It was more than two decades back when a doctor had published a study that claimed that vaccines can cause autism. But that study was later debunked and discredited and the doctor behind it was barred from practicing medicine. However, the belief continues to exist in the society. A new massive study of more than a million children confirmed that people in the medical community have been saying for two decades that vaccines do not cause autism.
But this is an era when fringe theories can continue to spread online despite of overwhelming counter-evidence and some also worry that studies alone will not be enough to effectively address the world’s vaccine crisis. The study was published in the journal Annals of Internal Medicine and researchers from Denmark’s Statens Serum Institute had described how they analyzed data with about 657,461 children who were born in Denmark between 1999 and 2010 with regular checkups on the health of the kids.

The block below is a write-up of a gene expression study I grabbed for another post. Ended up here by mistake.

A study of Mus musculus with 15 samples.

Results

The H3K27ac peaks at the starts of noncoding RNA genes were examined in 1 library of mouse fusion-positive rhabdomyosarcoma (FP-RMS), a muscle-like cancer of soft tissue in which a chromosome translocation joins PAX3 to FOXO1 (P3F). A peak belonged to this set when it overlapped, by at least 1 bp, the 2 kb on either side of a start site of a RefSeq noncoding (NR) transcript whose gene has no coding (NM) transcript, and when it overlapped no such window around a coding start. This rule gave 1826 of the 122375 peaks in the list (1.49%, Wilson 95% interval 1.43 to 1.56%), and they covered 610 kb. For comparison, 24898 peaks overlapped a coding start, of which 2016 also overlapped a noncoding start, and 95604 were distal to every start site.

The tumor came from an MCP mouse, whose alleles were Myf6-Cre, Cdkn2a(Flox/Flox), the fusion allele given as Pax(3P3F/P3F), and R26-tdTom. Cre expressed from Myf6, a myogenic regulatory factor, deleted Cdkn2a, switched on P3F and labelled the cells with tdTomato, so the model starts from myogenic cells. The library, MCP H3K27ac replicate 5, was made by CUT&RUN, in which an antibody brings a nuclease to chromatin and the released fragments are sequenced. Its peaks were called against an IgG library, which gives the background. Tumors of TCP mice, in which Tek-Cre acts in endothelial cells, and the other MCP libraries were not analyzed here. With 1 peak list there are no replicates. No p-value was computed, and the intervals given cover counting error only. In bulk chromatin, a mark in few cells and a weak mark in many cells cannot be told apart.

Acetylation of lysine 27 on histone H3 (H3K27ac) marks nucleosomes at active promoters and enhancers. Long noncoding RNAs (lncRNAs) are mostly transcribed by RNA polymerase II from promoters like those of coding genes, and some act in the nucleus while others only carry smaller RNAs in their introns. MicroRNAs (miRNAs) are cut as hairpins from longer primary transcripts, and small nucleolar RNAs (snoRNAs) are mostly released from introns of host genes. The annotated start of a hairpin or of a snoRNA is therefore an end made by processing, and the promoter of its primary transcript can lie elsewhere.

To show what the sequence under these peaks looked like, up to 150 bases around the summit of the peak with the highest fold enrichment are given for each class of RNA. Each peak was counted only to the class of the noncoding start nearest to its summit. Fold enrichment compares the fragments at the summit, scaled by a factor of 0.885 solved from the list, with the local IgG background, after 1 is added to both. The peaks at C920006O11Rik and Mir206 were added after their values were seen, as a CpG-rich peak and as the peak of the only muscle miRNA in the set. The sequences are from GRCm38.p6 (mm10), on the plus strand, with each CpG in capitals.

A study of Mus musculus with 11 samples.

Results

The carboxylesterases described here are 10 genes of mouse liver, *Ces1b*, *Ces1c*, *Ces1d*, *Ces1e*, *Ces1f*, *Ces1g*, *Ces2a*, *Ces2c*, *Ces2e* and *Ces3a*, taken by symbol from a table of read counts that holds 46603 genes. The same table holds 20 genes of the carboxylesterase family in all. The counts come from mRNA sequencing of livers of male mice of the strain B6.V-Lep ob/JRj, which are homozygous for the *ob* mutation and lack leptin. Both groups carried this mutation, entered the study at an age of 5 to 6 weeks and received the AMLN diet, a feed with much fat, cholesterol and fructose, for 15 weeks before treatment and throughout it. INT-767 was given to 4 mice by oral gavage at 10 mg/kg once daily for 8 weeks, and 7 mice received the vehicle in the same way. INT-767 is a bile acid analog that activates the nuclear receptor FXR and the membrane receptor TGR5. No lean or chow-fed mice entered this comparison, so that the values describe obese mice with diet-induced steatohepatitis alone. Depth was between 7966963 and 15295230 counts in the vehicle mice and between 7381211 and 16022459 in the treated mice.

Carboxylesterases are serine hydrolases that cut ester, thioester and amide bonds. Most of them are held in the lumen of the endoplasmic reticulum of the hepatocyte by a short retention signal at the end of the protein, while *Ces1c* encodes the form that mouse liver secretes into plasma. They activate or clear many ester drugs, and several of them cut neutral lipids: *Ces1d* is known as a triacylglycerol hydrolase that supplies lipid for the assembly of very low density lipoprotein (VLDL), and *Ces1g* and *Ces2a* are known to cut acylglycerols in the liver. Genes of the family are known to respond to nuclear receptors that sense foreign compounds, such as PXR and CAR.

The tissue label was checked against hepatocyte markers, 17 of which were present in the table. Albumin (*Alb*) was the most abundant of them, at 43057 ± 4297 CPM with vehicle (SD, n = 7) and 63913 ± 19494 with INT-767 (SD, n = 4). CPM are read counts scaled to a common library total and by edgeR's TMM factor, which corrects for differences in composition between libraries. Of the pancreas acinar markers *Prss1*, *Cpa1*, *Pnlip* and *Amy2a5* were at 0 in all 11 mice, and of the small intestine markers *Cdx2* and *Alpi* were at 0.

Out of all the children 6,517 children were diagnosed with autism. The researchers here compared the mumps, measles and rubella vaccinated children in that group with MMR-unvaccinated children. The conclusion was, “The study strongly supports that MMR vaccination does not increase the risk for autism, does not trigger autism in susceptible children, and is not associated with clustering of autism cases after vaccination.” However, this is not the first study that concluded that vaccines almost certainly do not cause autism but it is the largest and longest and it arrives at a time when vaccine fears are leading to measles outbreaks in the world.
There are chances that the vaccine skeptics will see the study and rethink their opinions about vaccines. But Saab B. Omer, the Emory University public health researcher who had written an accompanying editorial for the study said that it is not expecting that outcome. He questioned if more such studies should be continued on this topic.